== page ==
While many families I know recently took lovely spring break vacations to relaxing, tropical locations, this year I decided the best thing I could do for my family was to take a road trip. We’ve been starving for some sunshine and time on the beach, but flying a family of six to Florida was not part of the equation. And who doesn’t love a road trip? As it turned out, the vacay included me, the only adult and driver, and my youngest three boys, so we drove as far as my nerves allowed, which was to Charleston, SC. That’s a 10 hour drive without traffic. Before you pat me on the back, let me tell you the rest of the story…
I made reservations at a county park that offers camping-style cabins, only much nicer and much bigger. The park was beautiful and it was only four miles from my brother’s house–a definite bonus! We stopped along the way to check out the South of the Border racist tourist trap and visit a really cool petting zoo and bee farm (you know I’m currently obsessed with bees). We arrived at the cabin ready to kick back and relax. That’s when the mosquitoes descended upon us like hyenas on a baby zebra. Let me tell you, these things were the size of airplanes! Of course I didn’t think to pack bug spray–we had left home in jeans and jackets! After racing into the cabin with our luggage, dodging the insect kamikaze, my dear brother showed up with a cooler full of beer and all the food and supplies needed for a cookout. God bless that man!
Since Max is still in an orthopedic walking boot/cast after breaking his leg in February (it feels like it’s been an eternity for both of us!), he stayed in the cabin the next morning when Ben and Fritz begged me to go bike riding…at 6:25 in the morning! Of course, this is what families do at campgrounds, right? Did I bring our bikes? No. So, instead we opted for an early morning walk along the same lovely paths we would have biked…with the same oversized mosquitoes that had feasted on us just seven short hours ago. Now, I will freely admit that I have the worst–WORST–sense of direction out of anyone I know, so when I’m someplace unfamiliar I rely heavily on signs and landmarks. This beautifully maintained park did indeed have signs, but only indicating where you were at that given moment. There were no signs saying “Go this way to the fishing pier” or “Take a left to find the camp store.” There was nothing! And when you’re in the woods, all the oak trees covered in Spanish moss look the same! We didn’t find our way back until 11 fucking 30.
I called my brother to say we were going to head into town after lunch, and the brave soul decided to join us. We went to Patriots Point and took a tour of the USS Yorkshire, a World War II era aircraft carrier. It was really cool and very interesting to almost all of us. Unfortunately, indulging my girly ways, I had decided a skirt was in order when I changed after our really long morning walk. Do you know how you get from one level of an aircraft carrier to another? By steep ladders! I’m pretty sure there were a few men and teenage boys who went home really excited about their USS Yorkshire tour.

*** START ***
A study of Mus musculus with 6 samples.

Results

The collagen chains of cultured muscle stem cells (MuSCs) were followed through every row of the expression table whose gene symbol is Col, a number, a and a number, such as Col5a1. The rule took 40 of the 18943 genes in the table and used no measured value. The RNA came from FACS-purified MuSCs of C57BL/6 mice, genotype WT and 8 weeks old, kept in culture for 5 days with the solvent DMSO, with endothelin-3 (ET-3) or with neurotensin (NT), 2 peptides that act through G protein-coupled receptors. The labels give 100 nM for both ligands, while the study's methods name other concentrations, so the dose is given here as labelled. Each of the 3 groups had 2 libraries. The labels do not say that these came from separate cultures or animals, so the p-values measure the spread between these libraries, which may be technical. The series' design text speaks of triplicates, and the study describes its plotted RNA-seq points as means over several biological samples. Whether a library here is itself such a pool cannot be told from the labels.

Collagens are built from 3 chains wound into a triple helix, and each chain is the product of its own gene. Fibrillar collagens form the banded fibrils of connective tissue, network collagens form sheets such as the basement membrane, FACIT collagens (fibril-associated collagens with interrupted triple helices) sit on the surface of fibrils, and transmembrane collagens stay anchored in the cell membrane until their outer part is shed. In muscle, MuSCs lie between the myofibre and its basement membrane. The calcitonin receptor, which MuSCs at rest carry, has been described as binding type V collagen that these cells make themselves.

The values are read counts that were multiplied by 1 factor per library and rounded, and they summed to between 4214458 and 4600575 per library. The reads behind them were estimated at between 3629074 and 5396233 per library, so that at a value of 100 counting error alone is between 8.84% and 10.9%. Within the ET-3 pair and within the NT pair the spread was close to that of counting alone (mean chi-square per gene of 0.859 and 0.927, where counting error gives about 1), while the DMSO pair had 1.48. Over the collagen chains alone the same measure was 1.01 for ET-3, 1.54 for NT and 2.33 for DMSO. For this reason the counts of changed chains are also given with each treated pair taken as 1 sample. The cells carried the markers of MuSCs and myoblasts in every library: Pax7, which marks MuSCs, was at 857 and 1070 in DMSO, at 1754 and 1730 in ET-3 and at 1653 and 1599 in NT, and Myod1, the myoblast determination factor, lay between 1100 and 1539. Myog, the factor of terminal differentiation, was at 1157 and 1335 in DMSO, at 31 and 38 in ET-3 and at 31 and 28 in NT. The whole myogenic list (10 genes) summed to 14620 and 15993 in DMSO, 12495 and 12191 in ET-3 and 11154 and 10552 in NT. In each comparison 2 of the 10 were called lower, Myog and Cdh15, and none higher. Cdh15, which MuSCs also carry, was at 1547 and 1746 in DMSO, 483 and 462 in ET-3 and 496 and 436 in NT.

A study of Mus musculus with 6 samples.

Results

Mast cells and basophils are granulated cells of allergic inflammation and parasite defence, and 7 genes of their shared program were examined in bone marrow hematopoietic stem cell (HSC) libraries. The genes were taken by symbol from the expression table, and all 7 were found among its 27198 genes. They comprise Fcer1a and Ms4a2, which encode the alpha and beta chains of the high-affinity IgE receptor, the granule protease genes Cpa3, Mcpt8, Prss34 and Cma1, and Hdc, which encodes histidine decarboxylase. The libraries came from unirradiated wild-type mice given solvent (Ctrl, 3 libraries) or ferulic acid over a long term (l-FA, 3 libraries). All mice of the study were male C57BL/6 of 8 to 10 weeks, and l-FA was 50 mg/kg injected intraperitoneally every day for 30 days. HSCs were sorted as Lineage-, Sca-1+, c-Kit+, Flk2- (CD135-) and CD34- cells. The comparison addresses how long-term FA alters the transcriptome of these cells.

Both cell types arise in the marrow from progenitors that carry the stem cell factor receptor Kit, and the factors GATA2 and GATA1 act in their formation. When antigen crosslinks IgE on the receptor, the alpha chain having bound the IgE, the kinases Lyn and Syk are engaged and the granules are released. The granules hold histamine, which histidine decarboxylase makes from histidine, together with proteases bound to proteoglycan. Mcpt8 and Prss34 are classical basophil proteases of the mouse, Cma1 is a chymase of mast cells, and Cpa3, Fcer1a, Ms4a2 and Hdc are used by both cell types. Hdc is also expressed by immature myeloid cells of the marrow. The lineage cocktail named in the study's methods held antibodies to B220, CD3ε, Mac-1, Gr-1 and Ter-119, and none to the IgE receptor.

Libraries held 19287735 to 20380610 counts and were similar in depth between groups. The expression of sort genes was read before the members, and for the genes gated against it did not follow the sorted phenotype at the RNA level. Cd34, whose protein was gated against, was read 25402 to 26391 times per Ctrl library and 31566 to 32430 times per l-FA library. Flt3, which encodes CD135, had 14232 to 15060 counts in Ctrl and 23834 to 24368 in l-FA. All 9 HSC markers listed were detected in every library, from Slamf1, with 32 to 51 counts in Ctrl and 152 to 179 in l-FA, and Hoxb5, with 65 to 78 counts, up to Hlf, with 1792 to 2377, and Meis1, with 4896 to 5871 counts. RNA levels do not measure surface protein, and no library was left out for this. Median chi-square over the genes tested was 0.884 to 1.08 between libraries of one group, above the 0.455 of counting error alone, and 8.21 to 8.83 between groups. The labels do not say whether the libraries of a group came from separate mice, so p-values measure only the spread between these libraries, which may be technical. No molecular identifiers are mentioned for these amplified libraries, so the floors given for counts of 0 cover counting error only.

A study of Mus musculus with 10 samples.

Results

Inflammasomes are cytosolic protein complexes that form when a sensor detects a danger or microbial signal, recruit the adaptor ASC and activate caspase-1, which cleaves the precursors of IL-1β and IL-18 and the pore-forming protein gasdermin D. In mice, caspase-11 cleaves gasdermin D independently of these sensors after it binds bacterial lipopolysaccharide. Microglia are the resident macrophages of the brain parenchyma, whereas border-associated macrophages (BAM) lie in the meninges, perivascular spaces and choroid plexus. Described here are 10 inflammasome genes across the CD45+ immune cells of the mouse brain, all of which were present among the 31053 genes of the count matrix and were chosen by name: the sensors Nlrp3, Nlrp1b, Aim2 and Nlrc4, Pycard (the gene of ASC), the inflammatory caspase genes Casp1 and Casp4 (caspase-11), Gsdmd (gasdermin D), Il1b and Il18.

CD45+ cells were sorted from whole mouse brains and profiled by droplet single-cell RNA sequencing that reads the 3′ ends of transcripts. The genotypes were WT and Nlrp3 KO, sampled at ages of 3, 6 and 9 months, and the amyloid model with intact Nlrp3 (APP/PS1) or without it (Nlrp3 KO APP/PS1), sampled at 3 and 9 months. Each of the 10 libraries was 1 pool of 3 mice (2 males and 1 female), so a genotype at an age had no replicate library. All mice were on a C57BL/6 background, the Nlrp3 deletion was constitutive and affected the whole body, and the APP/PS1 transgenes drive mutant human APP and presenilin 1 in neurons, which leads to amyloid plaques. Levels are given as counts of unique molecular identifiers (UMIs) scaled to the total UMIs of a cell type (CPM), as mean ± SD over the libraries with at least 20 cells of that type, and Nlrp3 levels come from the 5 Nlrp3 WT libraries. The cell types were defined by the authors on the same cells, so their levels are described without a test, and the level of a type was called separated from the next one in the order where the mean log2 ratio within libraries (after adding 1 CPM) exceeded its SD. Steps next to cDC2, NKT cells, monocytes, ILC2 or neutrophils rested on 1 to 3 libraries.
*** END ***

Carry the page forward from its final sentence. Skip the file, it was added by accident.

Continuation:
Completely exhausted the next morning, I thought we needed to squeeze in some time at the beach before heading home. I packed up the minivan, cleaned out the cabin’s refrigerator, and stripped all the beds. We checked out at just the right time and drove to Folly Beach. My brother joined us again (really, he’s a glutton for punishment) and we talked for a couple of hours while the kids played in the sand and water. It was a great way to finish off our trip, but it was time to go. Since we were getting a late start, my brother warned me about the traffic, but I waved him off knowing we would likely stop for the night somewhere halfway. After a day on the beach, I was in no hurry.
About 20 minutes into our drive home, the kids and I were caught in Charleston’s commuter traffic and talking about our fun adventure. That’s when it suddenly occurred to me that the three nights I had booked in our cabin were mysteriously reduced to two. How did that happen?
“Max, what day is today?” I asked my 14-year-old.
“It’s the 24th.”
“Please pull that reservation paper out of my purse and tell me what day we’re supposed to check out.”
“This says the 25th.”
Oh. My. God. I’ve lost my mind.
If none of you have ever experienced anything like this, I am here to tell you it feels awful–like an elephant sitting on your chest while hot coals are being held to your eyes kind of awful. I had checked out a full day early and thought nothing of it until we were actually talking about how many nights we had spent at the cabin. Truly, I scared myself and was totally convinced that I must have a brain tumor. Instead of checking into an institution for the mentally impaired, I pulled over and called the park office. After explaining what had happened, but not knowing how it had happened, I hung up my phone with the sound of the ranger’s laugh ringing in my ears. Then I called my brother.
Once again, like floundering refugees, we were provided a wonderful dinner and a fun evening, but there was definitely an air of concern hovering over me. I also called my husband to let him know about my lapse in ability. He just laughed and said, “Don’t worry, I’ll take care of you when you’re middle-aged and have totally lost your mind.” Uh, excuse me, this is it.
So, now that I’ve been able to put this all into proper perspective, next year’s spring break will be in an all-inclusive resort that is truly south-of-the-border, with a kids’ club and a full-service bar. There will be no history, no nature, no itinerary…just babysitters and bartenders. Mexico, here we come!